Basic soldier skills are lacking in today’s army, just ask anyone who still remembers bayonet drills. As a public service announcement, Duffel Blog surveyed senior NCOs in combat arms fields across the military to identify of some of the most common mistakes soldiers make in the field that can ruin a low noise profile.

https://www.flickr.com/photos/30224183@N08

https://www.flickr.com/photos/30224183@N08

[dropcap size=small]Twigs[/dropcap]

Do not step on a twig.  It might make a snapping noise. Especially at night. Go out into the field for three weeks. Run, throw yourself into the prone, breathe really heavily — that’s all part of your job. But, if you step on a twig, rest assured you that you’ll be the only person who does, and you’ll be putting everyone at risk.


[dropcap size=small]Velcro[/dropcap]

Velcro is by far the most dangerous substance a soldier has in the field. It’s still unbelievable that the entire army would issue something that terrible. One NCO says, “I talked to this one guy whose friend is in Delta Force, and he was saying that they cut the Velcro out of their ACUs, then sew buttons in its place, then cut the buttons out and put in special, top-secret noiseless Velcro.” Maybe you should be thinking about doing that before your next field exercise to show everyone that you’re high speed. You will, if you put the mission first.


[dropcap size=small]Celery[/dropcap]

Looking for a low-calorie, healthy snack in the field?  Better not try celery. That signature snap is far worse than stepping on a twig. Carrot sticks aren’t great either, so maybe stick to baby snow pea pods or edamame.


[dropcap size=small]Ordering Pizza[/dropcap]

Oh, yeah, they’ll definitely deliver. You’re not the first Joe to come up with this idea. The issue is going to be when a guy in ’92 Camry with a broken muffler pulls up and then takes forever to find your credit card slip to sign. You’ll definitely give your position away.


[dropcap size=small]Puppies[/dropcap]

We know that they’re man’s best friend. Maybe they’ll even end up being trained to be badass military working dogs. But until they’re whelped, their plaintive calls for mother are sure to draw enemy attention. But don’t go all David Motari on them either.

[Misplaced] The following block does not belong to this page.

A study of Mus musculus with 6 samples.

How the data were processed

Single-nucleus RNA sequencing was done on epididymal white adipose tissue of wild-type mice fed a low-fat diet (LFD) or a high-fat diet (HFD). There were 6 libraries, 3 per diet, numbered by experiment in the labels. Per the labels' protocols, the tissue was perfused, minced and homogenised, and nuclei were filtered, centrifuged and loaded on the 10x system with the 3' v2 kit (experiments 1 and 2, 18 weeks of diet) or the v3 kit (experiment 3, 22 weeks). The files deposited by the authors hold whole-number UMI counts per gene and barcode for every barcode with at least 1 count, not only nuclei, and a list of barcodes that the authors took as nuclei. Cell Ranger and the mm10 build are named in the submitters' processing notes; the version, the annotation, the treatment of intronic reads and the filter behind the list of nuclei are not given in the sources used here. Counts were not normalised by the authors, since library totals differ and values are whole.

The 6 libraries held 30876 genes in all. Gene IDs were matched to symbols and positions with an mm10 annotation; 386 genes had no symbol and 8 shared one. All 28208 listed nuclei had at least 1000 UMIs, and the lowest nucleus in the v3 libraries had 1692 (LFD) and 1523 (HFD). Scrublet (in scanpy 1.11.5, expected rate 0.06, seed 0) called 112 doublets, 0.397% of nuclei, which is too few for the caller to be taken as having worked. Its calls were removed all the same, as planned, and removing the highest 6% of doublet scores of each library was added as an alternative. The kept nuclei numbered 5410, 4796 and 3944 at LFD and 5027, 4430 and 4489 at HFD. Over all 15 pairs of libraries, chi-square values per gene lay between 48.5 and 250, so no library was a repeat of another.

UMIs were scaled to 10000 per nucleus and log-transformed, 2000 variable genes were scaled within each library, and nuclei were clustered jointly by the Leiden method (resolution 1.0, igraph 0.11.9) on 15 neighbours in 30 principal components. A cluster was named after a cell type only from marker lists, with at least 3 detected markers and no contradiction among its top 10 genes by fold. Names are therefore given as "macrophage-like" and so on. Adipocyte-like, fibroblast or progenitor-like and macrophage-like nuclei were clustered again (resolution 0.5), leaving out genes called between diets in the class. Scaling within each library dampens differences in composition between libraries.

[dropcap size=small]Sexting[/dropcap]

Of course, you need a little something to keep you company during those long nights at sea sand. But when you’re sexting with the girl back home (or the guy in the next shelter half over), make sure you turn the ringer to “off” and not “vibrate.” Ladies, this goes doubly for you, even if the temptation is so much greater.


[dropcap size=small]CPAP machines[/dropcap]

Sleep apnea is a serious condition which can degrade combat readiness. But think about it, soldier. Are you going to have a CPAP machine in combat? Are you going to get some kind of special assignment that says you’re deployable, you just get some kind of special duty where you’ll be able to plug in a CPAP machine? Oh. You will? Yeah, you totally will. So when you’re in the field, if OPFOR comes to get you, just yell “notional no noise!” and show them your CPAP profile. OPFOR probably has a CPAP machine, too.


[dropcap size=small]Steam-powered Victorian Fair Organs[/dropcap]

Your NCOs say they understand if you have any additional duty appointment to do MWR that you want to do something big. And you’re on the right track, since a steam-powered organ doesn’t have to be plugged into the generator. Your enlisted leaders admire that kind of thinking. But this baby is going to turn on when you don’t want it to. And someone might die when it does. As an alternative, consider asking the food services section to have hot chocolate and pop tarts at midnight.